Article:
SAG-AFTRA MERGER IMPROVES ACTOR'S
WORKING CONIDITIONS, SHIFTS HOLLYWOOD
More than 150,000 actors will benefit from the recent merger of SAG and Aftra ‒ and not only because bases dues for dual cardholders will decrease from $243 to $198 per year.
In the big picture, no longer will producers be able to leverage one union against the other during negotiations.
"That was the big problem ‒ the two unions being pitted against each other," says Jennifer Bailey, a SAG member since 1993 currently appreaing in the "Thanking our Teachers" Exxon mobile campaign. "And the kicker was a few years ago when Afra negotiated separately and undercut SAG on most of the TV shows."
With the merger, SAG has addressed its key deficiency: Its perceived powerlessness.
The merger means that members of Aftra are now SAG members ‒ one reason why many SAG members were apprehensive about the merger. "You have to do work to get into SAG", says Kim Kopf, an SAG member for 27 years. "But anyone can join Aftra, and then when the merger happened, they would automatically be an SAG member, so there was a little bit of hesitation about that. But as long as the union is stronger, and joining with Aftra makes it stronger moving forward, I'm all for it."
"I feel very good about the merger," says Sherry Locher, an Aftra member since 2007 who recently appeared in the indie film 8:46. "It's one union now, so there are no longer two different rates, and I think that'll make a huge difference during contract negotiations."
Although the health benefit plans have yet to be worked out, most actors we spoke with were optimistic there would be efficiencies found in greater numbers. "It's up to the trustees as to what is the best course of action," says Jennifer Bailey. "Not everything is 100-percent laid out as to what's going to happen, but as far as I'm concerned, as it is now, it's going from bad to worse, so we do need some kind of a change. But it's like when you have a company that has 10 people as opposed to a company that has 1,000 people ‒ the rates for health insurance should be better, and people will now only have to qualify in one plan."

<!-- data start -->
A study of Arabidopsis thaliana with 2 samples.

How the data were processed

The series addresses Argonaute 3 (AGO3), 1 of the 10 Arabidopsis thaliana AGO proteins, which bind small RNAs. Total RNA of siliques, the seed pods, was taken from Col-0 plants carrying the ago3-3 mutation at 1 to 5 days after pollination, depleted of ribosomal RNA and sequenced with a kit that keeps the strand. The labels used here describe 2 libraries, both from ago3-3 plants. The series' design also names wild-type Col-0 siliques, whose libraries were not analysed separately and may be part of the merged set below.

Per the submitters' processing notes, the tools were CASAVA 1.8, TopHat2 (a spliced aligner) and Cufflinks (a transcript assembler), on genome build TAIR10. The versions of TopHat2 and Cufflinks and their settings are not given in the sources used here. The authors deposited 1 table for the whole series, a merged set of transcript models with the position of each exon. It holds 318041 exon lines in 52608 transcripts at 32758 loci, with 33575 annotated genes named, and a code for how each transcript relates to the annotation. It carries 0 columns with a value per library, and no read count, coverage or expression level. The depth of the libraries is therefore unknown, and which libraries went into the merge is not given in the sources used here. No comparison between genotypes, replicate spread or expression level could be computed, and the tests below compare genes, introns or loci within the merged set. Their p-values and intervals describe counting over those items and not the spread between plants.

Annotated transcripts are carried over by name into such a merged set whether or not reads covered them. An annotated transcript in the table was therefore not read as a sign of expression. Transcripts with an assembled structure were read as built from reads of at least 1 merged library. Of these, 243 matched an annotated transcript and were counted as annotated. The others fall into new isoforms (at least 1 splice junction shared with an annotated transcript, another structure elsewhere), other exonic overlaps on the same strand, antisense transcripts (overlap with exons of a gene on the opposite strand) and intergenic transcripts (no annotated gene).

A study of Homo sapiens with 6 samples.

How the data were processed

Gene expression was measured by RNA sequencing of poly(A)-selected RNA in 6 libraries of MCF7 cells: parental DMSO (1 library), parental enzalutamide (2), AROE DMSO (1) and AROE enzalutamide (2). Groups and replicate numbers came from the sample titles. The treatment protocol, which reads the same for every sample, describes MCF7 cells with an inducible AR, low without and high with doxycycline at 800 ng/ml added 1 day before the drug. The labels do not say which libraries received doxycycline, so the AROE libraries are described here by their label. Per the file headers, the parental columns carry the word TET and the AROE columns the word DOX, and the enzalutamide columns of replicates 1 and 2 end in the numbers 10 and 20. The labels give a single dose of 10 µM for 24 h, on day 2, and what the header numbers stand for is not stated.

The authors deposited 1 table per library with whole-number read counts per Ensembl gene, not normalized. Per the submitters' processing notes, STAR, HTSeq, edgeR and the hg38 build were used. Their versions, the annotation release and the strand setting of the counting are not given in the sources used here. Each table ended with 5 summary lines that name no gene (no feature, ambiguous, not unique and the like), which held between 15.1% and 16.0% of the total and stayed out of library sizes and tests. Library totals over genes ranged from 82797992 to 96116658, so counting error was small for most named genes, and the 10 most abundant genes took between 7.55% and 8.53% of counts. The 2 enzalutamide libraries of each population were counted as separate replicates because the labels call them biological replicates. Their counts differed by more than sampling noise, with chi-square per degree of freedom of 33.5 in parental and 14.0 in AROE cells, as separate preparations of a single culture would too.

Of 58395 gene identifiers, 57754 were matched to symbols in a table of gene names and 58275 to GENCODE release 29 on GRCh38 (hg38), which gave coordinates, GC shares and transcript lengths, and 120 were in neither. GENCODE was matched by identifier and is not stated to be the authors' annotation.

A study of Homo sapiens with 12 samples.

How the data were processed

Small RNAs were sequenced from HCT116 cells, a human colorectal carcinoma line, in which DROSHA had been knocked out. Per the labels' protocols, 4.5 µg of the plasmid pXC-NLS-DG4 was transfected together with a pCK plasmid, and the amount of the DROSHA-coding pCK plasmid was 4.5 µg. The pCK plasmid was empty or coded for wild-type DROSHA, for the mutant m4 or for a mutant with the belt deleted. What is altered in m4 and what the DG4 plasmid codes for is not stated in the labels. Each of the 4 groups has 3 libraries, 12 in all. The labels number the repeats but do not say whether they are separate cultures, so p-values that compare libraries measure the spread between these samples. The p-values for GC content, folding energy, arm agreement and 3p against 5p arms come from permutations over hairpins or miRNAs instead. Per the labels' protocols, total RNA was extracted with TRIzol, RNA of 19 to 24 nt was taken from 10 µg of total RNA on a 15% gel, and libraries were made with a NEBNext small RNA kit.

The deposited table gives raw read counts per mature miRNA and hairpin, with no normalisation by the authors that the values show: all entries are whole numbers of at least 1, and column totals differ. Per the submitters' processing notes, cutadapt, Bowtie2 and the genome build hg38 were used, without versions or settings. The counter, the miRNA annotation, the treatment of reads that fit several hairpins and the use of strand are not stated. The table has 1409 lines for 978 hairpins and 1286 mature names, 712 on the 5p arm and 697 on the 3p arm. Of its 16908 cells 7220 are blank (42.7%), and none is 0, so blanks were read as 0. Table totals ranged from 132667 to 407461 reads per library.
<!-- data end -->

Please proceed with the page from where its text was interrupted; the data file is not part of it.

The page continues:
Indeed, it should be easier for actors to get medical and dental coverage. Prior to the merger, actors might do four or five Aftra jobs, and four or five SAG jobs and fail to qualify for either health plan. Now, as they're combined, all work will count toward on health plan.
The first test of SAG-Aftra's post-merger power will be staged this fall, when commercial contracts will be renegotiated, during which, according to the Union, "management will be pushing us to implement a completely new system for payng principal performers in national commercials."
One casting director we spoke with believes the merger will have little bearing on the reality of what's going on right now in commercial work in L.A.
"It feels like sixty percent of commercial work is non-union," says Cathy Reinking, who has cast for Frazier and The Office, as well as for commercials. "So you don't have as many of those lucrative national commercials that everbody used to dream about. And I don't think the [SAG-Aftra] union will reduce that number. I think that producers more and more want to cut costs, and I think they're finding enough good people who aren't union ‒ although I'm skeptical of that, but they must be getting enough. The more I talk to commercial agents the more sense I get that non-union is dominating right now."
Still, the tenor among actors is one of optimism. "I wasn't thrilled witht he idea of joining Aftra to get work," says Bailey. "They seemed a bit disorganized. So I'm really glad they merged, because I think the accounting of the membership dues, pension credits, and health plans will be accurately accounted for. I know AFTRA had something of an honor system, and I just don't know how that can work."
This is how it will work.
Congrats to all of my fellow union members for helping to make One Union happen. Many of us have been working to make One Union a reality since 1975. That said, remember Rule No. One.